A man and woman are due in court over the death of a man killed after attending a wake.
Wayne Baxter who was 44 was found stabbed on Croft Bank near Skegness in Lincolnshire. He was taken to hospital but later died.
Sean Booth who is 25 and Sarah Booth who is 36, both from Croft Bank, Croft, have been charged with the murder .They are due to appear at Lincoln Magistrates Court today.
An inquest resumes today into the deaths of five members of a family who were killed in a car crash near Grimsby.
The Cockburn family died on their way to a dance competition in Skegness three years ago.
The inquest is expected to last for a week.
The operation to remove three dead sperm whales which washed up on a Lincolnshire beach cost £26,000, it has been revealed.Read the full story ›
East Lindsey District Council say they have been approached by other councils for advice on how to remove washed up whales from their beaches.
The Council was heavily involved in the process of removing three that became beached near Skegness last month.
A whale washed up on a beach in Norfolk has died. British Divers Marine Life Rescue said the creature died shortly after 8pm this evening.
It had been stranded at Hunstanton since this morning and is believed to have been in the same pod as the five sperm whales that beached and died on the East coast last week.
We're very sad to confirm that the whale has died but it is a bit of a relief because it had been in quite a lot of suffering.
Police in Skegness are asking the public for information about an assault on a teenage girl.
Detectives say the attack on the 17-year-old was unprovoked and took place in the Brunswick Drive / Vernon Road area of the town on Friday 22nd January.
The victim was walking down the street and was stopped by two males who asked her for cannabis then proceeded to search her pockets, before punching her and running away onto Grosvenor Road, laughing.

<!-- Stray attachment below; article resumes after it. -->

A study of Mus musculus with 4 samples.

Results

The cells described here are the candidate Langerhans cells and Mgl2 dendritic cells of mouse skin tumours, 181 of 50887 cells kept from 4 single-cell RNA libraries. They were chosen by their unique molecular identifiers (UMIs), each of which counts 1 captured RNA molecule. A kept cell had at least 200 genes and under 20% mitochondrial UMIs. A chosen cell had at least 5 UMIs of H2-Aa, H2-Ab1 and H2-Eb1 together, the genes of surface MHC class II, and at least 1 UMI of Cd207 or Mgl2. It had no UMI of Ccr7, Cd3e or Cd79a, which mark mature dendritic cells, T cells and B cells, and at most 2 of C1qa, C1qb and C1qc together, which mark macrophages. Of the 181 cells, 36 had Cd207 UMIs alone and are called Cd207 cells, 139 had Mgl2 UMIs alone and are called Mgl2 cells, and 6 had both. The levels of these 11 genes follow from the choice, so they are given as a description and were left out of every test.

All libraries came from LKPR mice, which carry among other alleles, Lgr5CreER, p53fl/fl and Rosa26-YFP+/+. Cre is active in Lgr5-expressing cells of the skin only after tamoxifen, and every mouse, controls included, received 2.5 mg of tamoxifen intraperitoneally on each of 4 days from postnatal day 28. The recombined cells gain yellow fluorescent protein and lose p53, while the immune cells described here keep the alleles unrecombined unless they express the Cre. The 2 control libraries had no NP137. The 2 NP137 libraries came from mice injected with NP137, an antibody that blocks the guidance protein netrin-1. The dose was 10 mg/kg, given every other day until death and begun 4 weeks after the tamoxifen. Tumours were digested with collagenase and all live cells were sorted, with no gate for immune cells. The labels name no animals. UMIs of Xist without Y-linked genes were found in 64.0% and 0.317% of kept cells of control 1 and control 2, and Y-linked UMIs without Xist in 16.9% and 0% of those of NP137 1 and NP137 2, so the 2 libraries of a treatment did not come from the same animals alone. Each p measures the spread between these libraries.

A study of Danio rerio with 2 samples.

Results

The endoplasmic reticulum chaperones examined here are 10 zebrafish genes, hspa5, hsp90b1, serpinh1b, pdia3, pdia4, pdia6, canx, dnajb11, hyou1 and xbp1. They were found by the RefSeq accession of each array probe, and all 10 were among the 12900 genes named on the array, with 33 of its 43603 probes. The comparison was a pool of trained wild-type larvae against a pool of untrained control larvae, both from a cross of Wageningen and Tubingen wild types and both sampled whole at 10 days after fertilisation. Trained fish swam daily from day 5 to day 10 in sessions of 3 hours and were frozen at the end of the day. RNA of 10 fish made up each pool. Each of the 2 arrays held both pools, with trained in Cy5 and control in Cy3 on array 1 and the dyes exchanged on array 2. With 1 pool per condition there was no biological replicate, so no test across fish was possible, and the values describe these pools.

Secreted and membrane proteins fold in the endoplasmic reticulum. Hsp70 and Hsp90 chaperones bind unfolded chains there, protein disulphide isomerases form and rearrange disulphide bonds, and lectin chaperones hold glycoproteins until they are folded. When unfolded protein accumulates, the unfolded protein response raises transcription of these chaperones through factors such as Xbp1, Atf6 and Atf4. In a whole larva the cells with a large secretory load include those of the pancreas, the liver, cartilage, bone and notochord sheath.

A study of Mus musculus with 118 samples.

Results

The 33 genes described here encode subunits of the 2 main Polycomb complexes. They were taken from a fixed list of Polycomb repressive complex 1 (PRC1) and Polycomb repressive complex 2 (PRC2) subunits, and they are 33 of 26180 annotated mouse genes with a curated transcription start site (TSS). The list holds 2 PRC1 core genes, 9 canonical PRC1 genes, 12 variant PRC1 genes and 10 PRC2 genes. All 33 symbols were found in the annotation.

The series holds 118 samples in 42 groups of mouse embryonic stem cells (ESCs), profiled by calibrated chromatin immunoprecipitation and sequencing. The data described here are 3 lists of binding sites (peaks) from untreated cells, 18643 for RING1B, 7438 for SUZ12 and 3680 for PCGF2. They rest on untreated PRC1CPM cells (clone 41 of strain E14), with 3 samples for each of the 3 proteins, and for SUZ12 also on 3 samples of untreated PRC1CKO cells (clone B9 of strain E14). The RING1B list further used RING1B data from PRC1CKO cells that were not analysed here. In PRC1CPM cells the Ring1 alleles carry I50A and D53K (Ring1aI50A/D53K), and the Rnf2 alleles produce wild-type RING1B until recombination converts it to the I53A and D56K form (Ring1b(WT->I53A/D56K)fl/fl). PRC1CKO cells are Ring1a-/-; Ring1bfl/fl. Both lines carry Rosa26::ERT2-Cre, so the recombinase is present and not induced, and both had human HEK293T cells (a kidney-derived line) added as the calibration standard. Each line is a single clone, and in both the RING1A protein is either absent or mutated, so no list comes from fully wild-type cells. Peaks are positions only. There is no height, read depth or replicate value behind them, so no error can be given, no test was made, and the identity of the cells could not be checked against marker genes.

The victim was knocked to the ground and suffered a facial injury.
The two suspects are described as being white, 17-19 years old, around 5'7" tall, and of skinny build. One was wearing a black coat with a string pulled hood, grey tracksuit bottoms and red Adidas trainers and the other had a dark coat and black tracksuit bottoms.
There are hopes that a sixth whale - from the same pod as five which died on the east coast - could still be alive in the North Sea.
Five whales which beached on the Lincolnshire coast were removed by diggers last week. But rescuers say that six whales were spotted not far away off the Norfolk Coast two days before the first whale was discovered. It's believed the sixth whale might now be roaming the North Sea alone having lost all the other members of its pod.
Scientists say they are now collaborating with colleagues in Germany and the Netherlands to try and determine why four whales stranded on Lincolnshire's east coast.
Three of the four whales which stranded in Skegness and wainfleet were removed from Skegness beach last night and have now been taken to a landfill site in Sheffield.
The zoological society of London say they're as yet no closer to determining why the creatures came into the shallow North Sea waters and have warned they may never be completely sure.
Three dead sperm whales which washed up on the Lincolnshire coast have been removed in a five-hour operation.
A team of 14 workers started the process at Skegness just after 8pm on Wednesday.
The whales, believed to weigh around 30 tons, were found on the beach at the weekend and are believed to be part of the same pod as others found in Hunstanton, Norfolk, and Wainfleet, Lincolnshire.
The whales were then put on to low loaders, wrapped in a tarpaulin and taken to landfill sites in Didcot, Oxfordshire, and Sheffield.
"It's gone very well really. The last one where the flaps had been cut open for the autopsy was hard work.
"You can't really plan what you are going to do because you don't know if they are likely to blow up or something. All that you can do is treat them with the utmost respect."
Hundreds of people have been to see the whales in the town since they were discovered.
Workers spent Tuesday moving the creatures and covering them with sand before their removal.